Suit Could Cost Cali Union $100 Million

Workers seek back dues

Members of the SEIU hold a rally
Members of the SEIU hold a rally / Getty Images

One of California's largest labor unions is at the center of a lawsuit that could cost it $100 million in the wake of a Supreme Court ruling overturning forced unionism in the public sector.

In June, the Supreme Court ruled in Janus v. AFSCME that government unions are inherently political and policies forcing workers to pay dues or partial fees to cover collective bargaining violated their First Amendment rights. Government agency workers are looking to recover the money they paid to the California state chapter of Service Employees International Union as a condition of employment. The class action suit, Hamidid v. SEIU Local 1000, could force the union to refund money taken from 40,000 workers dating back to 2012.

The case was filed by the National Right to Work Legal Defense Foundation prior to the Janus decision. The foundation, which also brought the Janus case before the Supreme Court, is now looking to move forward with the suit and recover wages for those workers. They are now asking the justices to move beyond ending future coerced unionism and make labor organizations pay back the money taken from unwilling members.

"The union fees seized from the wages of these public employees include a substantial political, ideological, and other nonbargaining component, e.g., expenses for candidate endorsements," the suit says. It further demands the union provide "Plaintiffs compensatory damages for the injuries sustained as a result of Defendants’ unlawful interference with and deprivation of their constitutional and civil rights including, but not limited to, the amount of agency fees improperly deducted from their wages, nominal damages, and such other amounts as principles of justice and compensation warrant," as well as attorney fees.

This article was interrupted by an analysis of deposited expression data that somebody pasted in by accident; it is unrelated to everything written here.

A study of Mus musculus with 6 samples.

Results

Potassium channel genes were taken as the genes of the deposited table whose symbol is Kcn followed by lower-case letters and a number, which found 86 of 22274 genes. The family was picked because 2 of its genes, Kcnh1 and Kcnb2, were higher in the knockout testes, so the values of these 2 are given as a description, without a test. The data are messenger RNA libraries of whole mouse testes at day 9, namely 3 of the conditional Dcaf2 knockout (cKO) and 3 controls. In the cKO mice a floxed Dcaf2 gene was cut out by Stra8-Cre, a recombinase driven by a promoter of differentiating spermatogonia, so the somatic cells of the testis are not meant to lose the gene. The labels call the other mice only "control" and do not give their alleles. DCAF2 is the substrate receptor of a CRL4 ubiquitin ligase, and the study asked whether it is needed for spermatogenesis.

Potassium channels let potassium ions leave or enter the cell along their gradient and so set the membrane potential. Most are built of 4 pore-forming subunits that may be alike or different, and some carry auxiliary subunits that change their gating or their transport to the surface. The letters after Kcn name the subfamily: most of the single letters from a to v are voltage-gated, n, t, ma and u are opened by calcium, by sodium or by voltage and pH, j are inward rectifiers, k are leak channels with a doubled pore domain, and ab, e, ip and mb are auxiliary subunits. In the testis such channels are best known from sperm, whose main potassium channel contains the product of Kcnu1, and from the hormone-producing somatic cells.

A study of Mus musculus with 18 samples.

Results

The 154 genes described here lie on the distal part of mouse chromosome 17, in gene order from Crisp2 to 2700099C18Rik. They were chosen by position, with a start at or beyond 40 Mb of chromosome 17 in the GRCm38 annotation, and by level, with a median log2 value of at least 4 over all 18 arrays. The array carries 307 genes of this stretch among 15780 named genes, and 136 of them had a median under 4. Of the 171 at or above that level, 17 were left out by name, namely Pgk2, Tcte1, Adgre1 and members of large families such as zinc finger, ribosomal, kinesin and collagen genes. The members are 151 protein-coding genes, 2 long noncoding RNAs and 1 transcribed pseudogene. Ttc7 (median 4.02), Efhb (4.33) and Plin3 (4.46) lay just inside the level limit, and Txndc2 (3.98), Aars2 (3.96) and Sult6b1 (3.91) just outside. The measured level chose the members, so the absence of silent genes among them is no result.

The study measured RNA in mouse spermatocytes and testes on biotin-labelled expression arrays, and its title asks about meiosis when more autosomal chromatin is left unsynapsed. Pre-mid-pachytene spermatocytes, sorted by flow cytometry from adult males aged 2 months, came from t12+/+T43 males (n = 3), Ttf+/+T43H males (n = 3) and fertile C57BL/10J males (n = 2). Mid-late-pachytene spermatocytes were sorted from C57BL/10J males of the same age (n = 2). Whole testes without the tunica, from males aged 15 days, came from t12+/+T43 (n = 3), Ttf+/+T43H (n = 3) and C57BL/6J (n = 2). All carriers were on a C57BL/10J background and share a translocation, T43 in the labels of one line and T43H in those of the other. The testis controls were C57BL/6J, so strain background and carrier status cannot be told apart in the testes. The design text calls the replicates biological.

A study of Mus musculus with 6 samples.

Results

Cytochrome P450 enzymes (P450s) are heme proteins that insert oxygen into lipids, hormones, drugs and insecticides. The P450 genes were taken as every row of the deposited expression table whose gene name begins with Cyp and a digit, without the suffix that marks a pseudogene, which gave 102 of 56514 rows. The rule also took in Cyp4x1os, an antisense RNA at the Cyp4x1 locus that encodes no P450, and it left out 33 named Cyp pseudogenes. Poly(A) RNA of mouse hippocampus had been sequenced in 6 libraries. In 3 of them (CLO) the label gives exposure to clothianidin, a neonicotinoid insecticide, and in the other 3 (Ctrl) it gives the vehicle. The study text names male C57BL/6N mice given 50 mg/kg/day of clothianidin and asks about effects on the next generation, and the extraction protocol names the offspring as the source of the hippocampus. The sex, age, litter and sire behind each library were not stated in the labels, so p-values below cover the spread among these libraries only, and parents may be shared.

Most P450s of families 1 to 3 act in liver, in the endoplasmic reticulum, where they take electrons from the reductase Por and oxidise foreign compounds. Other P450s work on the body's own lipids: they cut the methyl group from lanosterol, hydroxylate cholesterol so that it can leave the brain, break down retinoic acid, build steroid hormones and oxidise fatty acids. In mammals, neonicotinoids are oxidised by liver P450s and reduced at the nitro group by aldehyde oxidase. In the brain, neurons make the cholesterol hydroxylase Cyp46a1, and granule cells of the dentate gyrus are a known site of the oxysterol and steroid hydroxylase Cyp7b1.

The union declined to comment on the suit.

SEIU Local 1000 is a major player in California politics. It spent more than $8.8 million on political activities and lobbying in 2017, about half of the money it collected from represented workers through their local unions, according to its most recent federal labor filing. The union spent only $345,621 "on behalf of individual members" over that time—less than 2 percent of the $17.8 million it collected from employees.

The foundation brought the suit to the Supreme Court in the hopes of recovering more than just money for the affected California workers. It also seeks an end to "opt-out" unionism, in which employees are automatically enrolled in the union unless they issue a formal withdrawal. A January brief filed to the Supreme Court argues that public sector agencies should instead abide by an opt-in system, in which workers voluntarily join the union.

"Does it violate the First Amendment for state law to presume that an individual consents to subsidizing non-chargeable speech by the group he is compelled to fund (an ‘opt-out' rule), as opposed to an ‘opt-in' rule whereby he must affirmatively consent to subsidizing such speech?" the Supreme Court filing says.

This is not the only class action suit to be filed in the wake of Janus. Several states have already received multiple lawsuits brought by labor watchdogs seeking to recover forced dues payments. Foundation president Mark Mix said such suits are necessary to check union attempts to preserve their cash flow by working around the Janus decision. He praised the Court for ruling in favor of individual workers who object to making union payments.

"Around the country, the effect of the Janus decision is just starting to be felt," Mix said in a statement. "Thanks to this landmark ruling, tens of thousands of California government employees are now a step closer to finally receiving recompense for years of being forced to hand over their hard-earned money to an SEIU union they choose not to join."